All hail the supreme. A campaign to rename the Brooklyn Municipal Building has been launched by Borough President, Eric Adams.
This past August marked the 25th anniversary of Ruth Bader Ginsburg’s nomination to the Supreme Court. In celebration of the milestone, a petition was started to rename the Brooklyn Municipal Building in her honor.
The petition states,
This past August marked the 25th anniversary of Associate Justice of the Supreme Court Ruth Bader Ginsburg’s elevation to the nation’s highest court. At the time, she was only the second woman to sit on the Court and she has been a trailblazer and hero to many ever since.
Ruth Bader Ginsburg was born in Brooklyn where she was raised and attended New York City public schools until she graduated from James Madison High School in the Madison neighborhood of Brooklyn. She graduated with a bachelor’s degree from Cornell University and finished first in her class at Columbia Law School. From there she began a distinguished legal career as a leading advocate for women’s rights, co-founding the Women’s Rights Project at the American Civil Liberties Union (ACLU) before beginning her distinguished career on the bench.
The life of Ruth Bader Ginsburg is a quintessential New York story. She grew up in Flatbush, the daughter of Jewish immigrants. Despite family tragedies that struck Justice Ginsburg early in life, including the death of her six-year old sister and early passing of her mother Celia, she rose to the apex of her profession, staying true to her ideals and principles.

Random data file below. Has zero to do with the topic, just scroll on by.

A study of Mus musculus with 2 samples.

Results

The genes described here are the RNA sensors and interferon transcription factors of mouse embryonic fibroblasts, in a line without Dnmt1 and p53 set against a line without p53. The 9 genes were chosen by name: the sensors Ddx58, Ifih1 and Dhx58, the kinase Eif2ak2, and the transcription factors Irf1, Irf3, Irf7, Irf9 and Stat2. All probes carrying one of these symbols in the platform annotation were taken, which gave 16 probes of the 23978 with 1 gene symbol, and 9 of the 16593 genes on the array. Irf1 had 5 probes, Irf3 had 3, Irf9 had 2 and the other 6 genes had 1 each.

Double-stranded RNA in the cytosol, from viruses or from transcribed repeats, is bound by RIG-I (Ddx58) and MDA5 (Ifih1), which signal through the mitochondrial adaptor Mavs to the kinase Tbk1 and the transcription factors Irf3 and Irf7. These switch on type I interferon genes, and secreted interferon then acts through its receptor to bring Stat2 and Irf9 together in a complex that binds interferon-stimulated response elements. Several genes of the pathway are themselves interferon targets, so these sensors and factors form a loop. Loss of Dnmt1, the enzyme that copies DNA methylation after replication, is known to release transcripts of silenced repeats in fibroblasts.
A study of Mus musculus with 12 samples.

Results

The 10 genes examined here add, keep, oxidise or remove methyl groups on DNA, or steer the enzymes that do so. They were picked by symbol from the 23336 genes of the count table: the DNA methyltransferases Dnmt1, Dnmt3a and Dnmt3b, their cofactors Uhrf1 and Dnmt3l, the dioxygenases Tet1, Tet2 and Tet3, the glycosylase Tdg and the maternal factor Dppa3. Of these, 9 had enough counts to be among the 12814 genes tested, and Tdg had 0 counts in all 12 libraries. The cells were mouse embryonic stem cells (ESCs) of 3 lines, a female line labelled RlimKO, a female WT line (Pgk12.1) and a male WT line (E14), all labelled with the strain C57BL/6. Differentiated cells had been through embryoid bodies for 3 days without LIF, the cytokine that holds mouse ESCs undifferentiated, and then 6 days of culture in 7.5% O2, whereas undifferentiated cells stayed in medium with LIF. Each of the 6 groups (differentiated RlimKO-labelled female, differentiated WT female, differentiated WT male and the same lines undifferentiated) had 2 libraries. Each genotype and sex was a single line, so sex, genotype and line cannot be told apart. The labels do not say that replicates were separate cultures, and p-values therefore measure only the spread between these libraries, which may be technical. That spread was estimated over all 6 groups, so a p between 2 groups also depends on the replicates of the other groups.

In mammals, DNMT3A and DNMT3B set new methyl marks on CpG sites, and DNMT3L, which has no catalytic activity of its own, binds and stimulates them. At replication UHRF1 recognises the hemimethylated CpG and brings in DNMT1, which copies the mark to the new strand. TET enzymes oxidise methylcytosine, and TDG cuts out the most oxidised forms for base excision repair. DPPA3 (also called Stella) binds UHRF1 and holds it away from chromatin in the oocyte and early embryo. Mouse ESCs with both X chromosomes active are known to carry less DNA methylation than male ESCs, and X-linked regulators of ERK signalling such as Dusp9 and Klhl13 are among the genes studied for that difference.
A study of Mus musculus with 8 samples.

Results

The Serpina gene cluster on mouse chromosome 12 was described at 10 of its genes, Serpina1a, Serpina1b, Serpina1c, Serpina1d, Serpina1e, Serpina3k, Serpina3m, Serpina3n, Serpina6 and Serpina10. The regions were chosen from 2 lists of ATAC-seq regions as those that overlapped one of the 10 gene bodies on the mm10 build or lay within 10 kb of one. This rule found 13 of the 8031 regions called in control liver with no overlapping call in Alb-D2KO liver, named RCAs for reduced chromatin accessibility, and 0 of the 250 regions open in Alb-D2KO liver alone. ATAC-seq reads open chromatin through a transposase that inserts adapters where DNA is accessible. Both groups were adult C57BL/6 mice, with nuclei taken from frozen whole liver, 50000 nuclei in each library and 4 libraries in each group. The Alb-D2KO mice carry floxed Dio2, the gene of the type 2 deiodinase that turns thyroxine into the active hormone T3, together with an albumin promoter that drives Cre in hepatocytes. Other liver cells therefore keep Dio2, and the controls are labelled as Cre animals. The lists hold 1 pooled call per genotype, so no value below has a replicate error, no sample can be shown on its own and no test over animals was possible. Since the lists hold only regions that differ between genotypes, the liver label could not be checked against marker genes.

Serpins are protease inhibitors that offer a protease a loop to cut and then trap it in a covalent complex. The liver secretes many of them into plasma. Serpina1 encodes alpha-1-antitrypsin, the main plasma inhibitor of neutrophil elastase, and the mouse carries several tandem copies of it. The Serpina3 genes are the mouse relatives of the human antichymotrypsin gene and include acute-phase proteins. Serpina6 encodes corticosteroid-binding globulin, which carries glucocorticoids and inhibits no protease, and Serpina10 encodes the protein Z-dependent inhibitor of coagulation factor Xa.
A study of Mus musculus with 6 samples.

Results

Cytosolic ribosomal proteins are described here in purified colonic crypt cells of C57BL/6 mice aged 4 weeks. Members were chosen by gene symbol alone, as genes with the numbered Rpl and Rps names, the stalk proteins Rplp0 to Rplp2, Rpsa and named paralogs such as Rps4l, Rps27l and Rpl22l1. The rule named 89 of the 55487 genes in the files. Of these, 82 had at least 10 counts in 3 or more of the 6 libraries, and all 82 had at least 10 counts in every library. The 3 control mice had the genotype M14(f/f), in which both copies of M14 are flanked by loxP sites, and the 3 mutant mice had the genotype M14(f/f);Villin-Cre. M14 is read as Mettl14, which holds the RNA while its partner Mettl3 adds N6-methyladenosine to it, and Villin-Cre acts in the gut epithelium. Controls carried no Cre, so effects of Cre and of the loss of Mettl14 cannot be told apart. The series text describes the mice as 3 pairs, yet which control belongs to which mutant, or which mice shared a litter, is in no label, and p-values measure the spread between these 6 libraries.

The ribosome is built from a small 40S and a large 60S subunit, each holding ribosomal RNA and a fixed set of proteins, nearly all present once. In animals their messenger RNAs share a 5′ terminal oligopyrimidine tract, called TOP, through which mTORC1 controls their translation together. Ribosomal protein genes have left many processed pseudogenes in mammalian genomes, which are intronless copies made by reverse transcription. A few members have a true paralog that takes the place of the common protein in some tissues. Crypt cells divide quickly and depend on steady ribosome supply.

Ruth Bader Ginsburg has become an icon, affectionately referred to as the “Notorious RBG.” In an era where popular culture puts performing artists and sports stars on a public pedestal, Ruth Bader Ginsburg has risen to incredible levels of iconic admiration and love.
Society often waits to recognize a lifetime of accomplishment until after that lifetime ends. In this case, we can honor the life and service of Ruth Bader Ginsburg during what we hope will be a long and active remaining life.
Over the past few years, the Notorious RBG has become a cultural icon as well as a role model for women and New Yorkers. What do you think of this petition?